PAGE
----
Sat | Nov 27, 2021

We win already – Koffee’s mother - Jo-Anne Williams sounds off on daughter’s latest accomplishments, God and Grammy nomination

Published:Sunday | January 26, 2020 | 12:00 AMStephanie Lyew - Sunday Gleaner Writer
Jo-Anne Williams, known affectionately as ‘Koffee Maker’, the mother of reggae’s fast-rising star Koffee.
Jo-Anne Williams, known affectionately as ‘Koffee Maker’, the mother of reggae’s fast-rising star Koffee.
Jo-Anne Williams, known affectionately as ‘Koffee maker’ the mother of reggae’s fast-rising star Koffee.
Koffee in performance.

The local music scene and social media quickly became abuzz last November after it was announced that reggae newcomer Koffee had been one of the nominees of the 62nd annual Grammy Awards. She created history by becoming the youngest solo act to be nominated in the Best Reggae Album category. Koffee, born Mikayla Simpson, was raised by her mother in Spanish Town and is the ‘wash belly’ of five children (three boys and two girls).

In an interview with The Sunday Gleaner, Koffee’s mother, Jo-Anne Williams, said the Grammy Award nomination is the high point of her daughter’s career.

“The journey, how her career transpired and has come to fruition, is something like a dream, and there is no singular time that I can think of or identify as the acme. But if I have to, I would say that the announcement of the nominations is presently the high point,” she said.

Koffee’s Rapture EP released on March 14, 2019 on the Columbia Records UK label is nominated alongside the work of veteran reggae acts, some of whom are past winners and nominees, including Steel Pulse for Mass Manipulation, Third World for More Work To Be Done, Julian Marley for As I Am, and Roots Radics, Sly and Robbie for The Final Battle: Sly & Robbie vs. Roots Radics.


“I am excited, proud, thankful and blessed … . Did I say proud, proud, proud? I can tell you also, that she feels honoured simply with being a Grammy Award nominee, and extremely excited as well. I am sure she will be happy if she walks away with the award tonight. The nomination in itself is an accomplishment, so we win already!” Williams exclaimed.

Whether checking the books for her superstar daughter, acting as an official chaperone for tours, or dancing side stage at the concerts, Williams, who is a psychiatric nursing aide (PNA) with the Ministry of Health and Wellness by day, has made it her duty to show endless support for Koffee from the moment she decided she was going to take up music – though she will not be by her side in Los Angeles for the actual announcement due to other obligations.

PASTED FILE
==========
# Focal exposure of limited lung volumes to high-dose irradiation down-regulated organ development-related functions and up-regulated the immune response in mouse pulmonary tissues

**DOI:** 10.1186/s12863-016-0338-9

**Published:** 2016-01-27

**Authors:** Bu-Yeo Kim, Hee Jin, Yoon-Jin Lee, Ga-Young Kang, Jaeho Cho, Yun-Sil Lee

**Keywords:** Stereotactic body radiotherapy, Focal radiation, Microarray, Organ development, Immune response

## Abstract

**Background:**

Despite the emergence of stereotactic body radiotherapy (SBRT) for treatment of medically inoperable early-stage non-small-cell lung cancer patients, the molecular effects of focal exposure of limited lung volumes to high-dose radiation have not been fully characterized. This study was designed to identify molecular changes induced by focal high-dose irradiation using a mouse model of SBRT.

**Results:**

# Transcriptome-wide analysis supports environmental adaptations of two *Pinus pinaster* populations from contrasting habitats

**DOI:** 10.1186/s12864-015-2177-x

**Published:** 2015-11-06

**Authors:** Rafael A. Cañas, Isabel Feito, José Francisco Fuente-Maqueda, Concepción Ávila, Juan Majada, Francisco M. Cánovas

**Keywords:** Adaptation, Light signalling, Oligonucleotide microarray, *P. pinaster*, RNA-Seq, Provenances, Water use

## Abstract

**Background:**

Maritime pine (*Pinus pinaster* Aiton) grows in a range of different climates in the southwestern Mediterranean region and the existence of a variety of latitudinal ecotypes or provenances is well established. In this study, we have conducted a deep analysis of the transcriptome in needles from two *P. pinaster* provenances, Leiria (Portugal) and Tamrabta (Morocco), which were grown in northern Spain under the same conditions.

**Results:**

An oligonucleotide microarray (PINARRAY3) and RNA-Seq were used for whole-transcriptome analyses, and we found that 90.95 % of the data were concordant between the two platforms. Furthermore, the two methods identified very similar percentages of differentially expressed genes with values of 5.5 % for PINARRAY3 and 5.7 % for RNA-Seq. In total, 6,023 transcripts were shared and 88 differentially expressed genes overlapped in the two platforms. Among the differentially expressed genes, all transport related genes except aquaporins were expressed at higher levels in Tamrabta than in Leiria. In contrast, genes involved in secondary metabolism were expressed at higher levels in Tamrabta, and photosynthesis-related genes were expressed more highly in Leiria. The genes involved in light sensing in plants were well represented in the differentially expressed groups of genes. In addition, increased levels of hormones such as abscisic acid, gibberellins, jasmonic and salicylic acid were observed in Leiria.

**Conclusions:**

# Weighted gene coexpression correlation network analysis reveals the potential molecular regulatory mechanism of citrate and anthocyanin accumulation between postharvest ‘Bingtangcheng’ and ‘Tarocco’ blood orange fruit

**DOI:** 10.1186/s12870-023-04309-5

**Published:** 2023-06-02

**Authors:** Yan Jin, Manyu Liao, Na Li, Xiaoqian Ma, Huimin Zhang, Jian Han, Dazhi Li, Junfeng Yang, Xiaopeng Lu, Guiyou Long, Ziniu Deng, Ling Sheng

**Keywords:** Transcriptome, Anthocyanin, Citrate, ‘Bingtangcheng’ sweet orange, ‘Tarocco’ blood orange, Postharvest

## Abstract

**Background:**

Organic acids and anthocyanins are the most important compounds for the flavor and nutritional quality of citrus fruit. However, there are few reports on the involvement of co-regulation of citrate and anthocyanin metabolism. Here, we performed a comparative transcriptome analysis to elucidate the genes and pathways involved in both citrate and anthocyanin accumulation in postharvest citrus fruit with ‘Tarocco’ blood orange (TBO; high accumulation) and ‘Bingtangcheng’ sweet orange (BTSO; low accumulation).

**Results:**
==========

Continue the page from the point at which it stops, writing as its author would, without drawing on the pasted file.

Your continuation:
She noted: “Well, aside from being her manager and mother, I still have to create a legacy for myself by working still. However, my job is somewhat flexible.”

They spent last Christmas touring West and East African countries, Nigeria, Ghana and Kenya, and she just returned from Antigua last week, following Koffee’s stellar set at the One Nation concert at the Antigua Recreation Grounds.

“I am still in awe, looking on my daughter perform … it is surreal. Sometimes when I am at the shows with her, I observe her every movement and automatically mi jaw drop. I even find that I talk to myself, asking the question, ‘Who is that?’ and responding, ‘Oh yeah, ah my baby dat’,” Williams said of her daughter who turns 20 next month. “I have not had to remind Mikayla (who she is before Koffee) about the values she was raised on, but the mother and the Christian in me is always expressing the importance of keeping God close, to continuously honour and acknowledge Him.”

She expressed that Koffee walks with her Bible, and even while travelling they never forget a moment to have devotions to call upon God for guidance and sing praises. From her perspective as a PNA, she said, “I am always concerned about Koffee’s and all my children’s mental health, being exposed to various elements in the world but not to the point where I am worried. My children are strong people, give thanks for that.”

The reggae singer’s mother, too, has had her share of the spotlight, starting off in the 1990s as a commercial actor, and she understands the challenges that come with the entertainment business. Pride is something, she added, “hindering individuals from sharing their issues with mental health. Not just entertainers, it can be anybody because it is something that affects a person irrespective of who you are. We need more education on the topic”.


Williams has been dubbed ‘Koffee Maker’ as the one who gave birth to the freshly brewed and Blazin hot reggae singer – she laughs at its conception – a name given to her by popular radio personality Wesley ‘Burgerman’ Burger.

She shared: “It was after Raggamuffin’s release when Burgerman, the radio personality at the time who played her tunes the ‘mostest’, called to tell her congrats on the success of her singles and when I came on the phone, he said, ‘A who dat? The Koffee Maker?’ From then on, I have adopted the Instagram handle @jojothekoffeemaker.

“Strangely, several months ago it occurred to me, I am living my dream to be a performer, without realising it, through my daughter. As a youngster, I grew up singing in the church, maybe not as well as Koffee does, and used to be part of a group. I became involved in the acting world, but it took a back burner for a while. Is recently it all come back to me, when I used to dance and all deejay and sing pon riddim. With Koffee, I tried to get her into commercials early but she was shy and would read the script staccato, but from the moment she took up the guitar and did the cover of Jason Mraz’s I’m Yours at age 12 or so, even scat singing while playing and all that, I knew she would be great at what she wants to do. I actually want to see her do that song over,” she said.